Protecting SAP HANA from Decrypting Eyes

SAPEncyrptEyes479354122BlogCyber-attacks are a painful reality in today’s ultra-connected world of gadgets, global positioning and gigabytes of everything. It’s very likely that if you’re reading this, you’ve been a victim of some form of cybercrime in the last 12 months. Whether from an attack on your health insurance provider, a mass credit card hack, or intrusion of your favorite big box retailer — malicious invasions come in many different forms and we’re all susceptible. This is especially true for high-profile organizations and mainstream corporations. Who can forget the near constant coverage of the Sony Pictures hack in 2014 that resulted in thousands of confidential articles and emails exposed to the world?

All technology businesses accept a certain amount of risk and must take the steps necessary to mitigate those risks through prevention and early detection. Defending against attacks is a full-time job and provides work for entire departments of security engineers. Staying ahead of the “bad guys” by ensuring a secure data fortress is the goal, but once in a while when a single vulnerability is discovered, potentially everything is compromised. That is the time for the security team to shift gears and act. Fast!

On June 18, 2015, a vulnerability in SAP HANA was revealed at the Black Hat Sessions XIII conference in the Netherlands. Dmitry Chastukhin from ERPScan described an issue relating to static encryption keys used in nearly every SAP HANA implementation. Since it was likely that almost every HANA system was using the exact same static key, anyone with the knowledge to decrypt the algorithm in hdbuserstore could potentially gain access to sensitive information. Decrypting the file would reveal usernames, passwords, and other highly secure information.

To prevent criminals from potentially decrypting the file, the default key needs to be explicitly changed, thus making it unique and virtually impossible to decrypt (see the SAP Security Note 2183624 for tips on how to do it).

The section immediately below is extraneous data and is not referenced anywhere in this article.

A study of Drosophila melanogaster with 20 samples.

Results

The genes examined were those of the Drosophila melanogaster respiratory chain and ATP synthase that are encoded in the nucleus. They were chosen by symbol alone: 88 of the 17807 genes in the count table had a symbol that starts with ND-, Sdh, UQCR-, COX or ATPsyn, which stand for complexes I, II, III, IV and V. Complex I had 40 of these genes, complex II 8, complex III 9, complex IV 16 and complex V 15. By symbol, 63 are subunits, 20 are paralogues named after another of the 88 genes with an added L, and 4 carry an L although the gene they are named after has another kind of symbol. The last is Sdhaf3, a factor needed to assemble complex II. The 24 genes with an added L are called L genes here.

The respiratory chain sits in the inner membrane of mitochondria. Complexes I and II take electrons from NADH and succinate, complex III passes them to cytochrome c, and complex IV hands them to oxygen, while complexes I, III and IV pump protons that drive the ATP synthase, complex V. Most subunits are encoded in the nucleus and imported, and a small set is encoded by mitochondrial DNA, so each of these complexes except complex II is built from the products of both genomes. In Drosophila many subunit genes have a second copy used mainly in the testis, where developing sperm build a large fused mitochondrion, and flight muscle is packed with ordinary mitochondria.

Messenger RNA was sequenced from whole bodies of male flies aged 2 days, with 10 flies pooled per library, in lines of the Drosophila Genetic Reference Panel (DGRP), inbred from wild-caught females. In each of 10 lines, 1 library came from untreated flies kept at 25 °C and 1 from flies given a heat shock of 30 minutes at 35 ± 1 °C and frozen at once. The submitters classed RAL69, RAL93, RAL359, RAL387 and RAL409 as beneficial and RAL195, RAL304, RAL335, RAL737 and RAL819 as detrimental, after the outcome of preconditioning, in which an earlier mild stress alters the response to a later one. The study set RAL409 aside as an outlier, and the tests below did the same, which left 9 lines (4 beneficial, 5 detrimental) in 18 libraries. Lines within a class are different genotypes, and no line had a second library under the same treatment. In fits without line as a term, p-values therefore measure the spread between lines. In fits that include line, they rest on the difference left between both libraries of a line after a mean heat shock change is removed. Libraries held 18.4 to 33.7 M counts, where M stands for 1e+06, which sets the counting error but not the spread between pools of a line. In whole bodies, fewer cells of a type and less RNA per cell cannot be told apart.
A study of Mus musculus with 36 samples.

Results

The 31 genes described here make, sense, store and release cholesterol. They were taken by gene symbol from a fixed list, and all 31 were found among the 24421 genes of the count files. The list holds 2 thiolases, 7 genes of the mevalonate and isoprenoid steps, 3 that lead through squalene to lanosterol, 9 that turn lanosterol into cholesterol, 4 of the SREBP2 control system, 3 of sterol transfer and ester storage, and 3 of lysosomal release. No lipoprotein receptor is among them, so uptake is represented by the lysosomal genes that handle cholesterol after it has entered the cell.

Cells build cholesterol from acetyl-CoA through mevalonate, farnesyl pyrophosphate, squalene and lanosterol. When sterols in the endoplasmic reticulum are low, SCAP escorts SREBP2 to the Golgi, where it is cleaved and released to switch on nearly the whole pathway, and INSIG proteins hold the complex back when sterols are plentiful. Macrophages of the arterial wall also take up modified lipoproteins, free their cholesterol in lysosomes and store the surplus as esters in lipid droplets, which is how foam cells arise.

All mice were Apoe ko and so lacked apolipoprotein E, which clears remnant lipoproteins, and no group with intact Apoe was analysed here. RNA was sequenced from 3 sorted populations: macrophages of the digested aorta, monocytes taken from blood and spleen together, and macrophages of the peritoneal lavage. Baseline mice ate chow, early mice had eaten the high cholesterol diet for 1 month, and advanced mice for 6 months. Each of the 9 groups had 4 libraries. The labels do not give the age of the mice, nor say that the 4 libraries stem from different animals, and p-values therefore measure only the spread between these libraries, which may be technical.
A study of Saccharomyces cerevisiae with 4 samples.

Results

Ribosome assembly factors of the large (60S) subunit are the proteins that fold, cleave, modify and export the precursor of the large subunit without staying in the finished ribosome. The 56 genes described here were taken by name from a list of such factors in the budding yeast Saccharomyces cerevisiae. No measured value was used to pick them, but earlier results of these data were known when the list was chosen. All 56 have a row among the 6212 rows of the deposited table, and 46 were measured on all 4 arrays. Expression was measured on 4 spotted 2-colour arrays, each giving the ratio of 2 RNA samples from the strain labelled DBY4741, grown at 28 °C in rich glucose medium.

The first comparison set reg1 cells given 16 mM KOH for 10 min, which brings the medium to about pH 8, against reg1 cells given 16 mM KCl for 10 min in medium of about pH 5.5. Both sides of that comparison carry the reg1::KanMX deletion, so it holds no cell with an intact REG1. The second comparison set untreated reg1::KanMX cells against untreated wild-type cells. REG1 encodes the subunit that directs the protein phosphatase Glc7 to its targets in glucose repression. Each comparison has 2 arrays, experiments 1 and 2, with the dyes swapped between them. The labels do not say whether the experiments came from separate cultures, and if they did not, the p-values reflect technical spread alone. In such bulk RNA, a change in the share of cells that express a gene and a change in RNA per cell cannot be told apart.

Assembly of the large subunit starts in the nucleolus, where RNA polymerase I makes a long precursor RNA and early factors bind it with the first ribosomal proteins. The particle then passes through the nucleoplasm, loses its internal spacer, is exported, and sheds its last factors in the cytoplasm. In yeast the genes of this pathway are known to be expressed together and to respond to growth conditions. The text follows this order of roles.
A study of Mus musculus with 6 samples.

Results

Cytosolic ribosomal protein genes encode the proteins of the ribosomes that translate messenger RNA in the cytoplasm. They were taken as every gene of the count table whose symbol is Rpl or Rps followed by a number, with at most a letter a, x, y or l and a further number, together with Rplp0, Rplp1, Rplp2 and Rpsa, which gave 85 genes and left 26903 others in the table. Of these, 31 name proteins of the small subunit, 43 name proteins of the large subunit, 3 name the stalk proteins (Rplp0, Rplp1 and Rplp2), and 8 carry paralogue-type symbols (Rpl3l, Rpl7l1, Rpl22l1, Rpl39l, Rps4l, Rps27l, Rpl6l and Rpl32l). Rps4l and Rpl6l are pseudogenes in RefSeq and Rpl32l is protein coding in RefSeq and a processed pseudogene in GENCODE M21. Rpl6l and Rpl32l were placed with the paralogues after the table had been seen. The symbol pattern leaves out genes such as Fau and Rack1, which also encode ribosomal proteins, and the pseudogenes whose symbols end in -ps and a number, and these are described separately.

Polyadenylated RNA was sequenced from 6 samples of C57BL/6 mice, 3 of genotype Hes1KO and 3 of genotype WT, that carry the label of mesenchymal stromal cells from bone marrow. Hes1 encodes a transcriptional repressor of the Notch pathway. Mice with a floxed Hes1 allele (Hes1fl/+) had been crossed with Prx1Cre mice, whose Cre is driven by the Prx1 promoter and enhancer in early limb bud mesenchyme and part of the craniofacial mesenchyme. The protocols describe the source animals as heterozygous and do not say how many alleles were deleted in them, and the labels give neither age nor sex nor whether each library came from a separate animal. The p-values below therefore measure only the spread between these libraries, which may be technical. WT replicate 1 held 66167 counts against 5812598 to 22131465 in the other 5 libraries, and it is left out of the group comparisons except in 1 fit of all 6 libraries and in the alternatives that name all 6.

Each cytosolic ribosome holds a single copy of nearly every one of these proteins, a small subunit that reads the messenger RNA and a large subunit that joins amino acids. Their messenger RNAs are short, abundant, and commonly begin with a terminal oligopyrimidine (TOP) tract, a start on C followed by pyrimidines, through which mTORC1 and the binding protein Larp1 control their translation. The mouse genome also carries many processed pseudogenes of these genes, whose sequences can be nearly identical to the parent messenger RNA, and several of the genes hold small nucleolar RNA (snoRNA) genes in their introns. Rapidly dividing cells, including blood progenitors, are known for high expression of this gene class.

Quick Response from SAP

Within five days of Chastukhin revealing the latest vulnerability, the SAP Service Marketplace (SMP) — SAP’s customer and partner support portal — was updated with a news article describing the recommendation to change the default keys in SAP HANA implementations.

The article went on to direct customers to the security note and guide described below:

  • SAP Security Note 2183624
    “Potential information leakage using default SSF master key in HANA”
    The security note outlines exactly how to generate a new master key and discontinue using the default key values.
  • SAP HANA Security Guide
    A guide to securing every aspect of an SAP HANA deployment.
    The document is continually updated and includes technical details for SAP HANA Platform SPS10.

According to the article on the SMP, their security strategy is based on three pillars:

  • Prevent
  • Detect
  • React

Their strategy is built on “a comprehensive security framework of processes, guidelines, tools, and staff training” as part of their “Secure Software Development Lifecycle”.

It sounds like the old adage coined by Benjamin Franklin — “an ounce of prevention is worth a pound of cure” — remains relevant more than ever in today’s high-tech world.

Fending Off Other Attacks

The vulnerability revealed on June 18th wasn’t the first attempted attack on SAP HANA that month. Just two weeks prior, it was revealed that a potential disclosure (relating to Code Inspector) made SAP ABAP vulnerable to an attack.

These types of malicious attacks have kept SAP’s security team on their toes. In 2014, nearly 200 high-priority security patches were released as the various software solutions adapted to potential hacks.

Since data is often a company’s most valuable asset — a secure database along with a business intelligence solution — is of utmost importance. SAP is a reliable partner and continues to help protect their customers from unwanted intrusions through their software. Data breaches and the exposure of sensitive information to hackers are extremely costly and harm organizations much more than “a pound of cure” can correct.

Comfort in Security

Knowing that companies like SAP remain on “high alert” and are able to respond quickly to threats, should help the officers in the C-Suite sleep a little easier at night. As they say in football — offense wins games, but defense wins championships.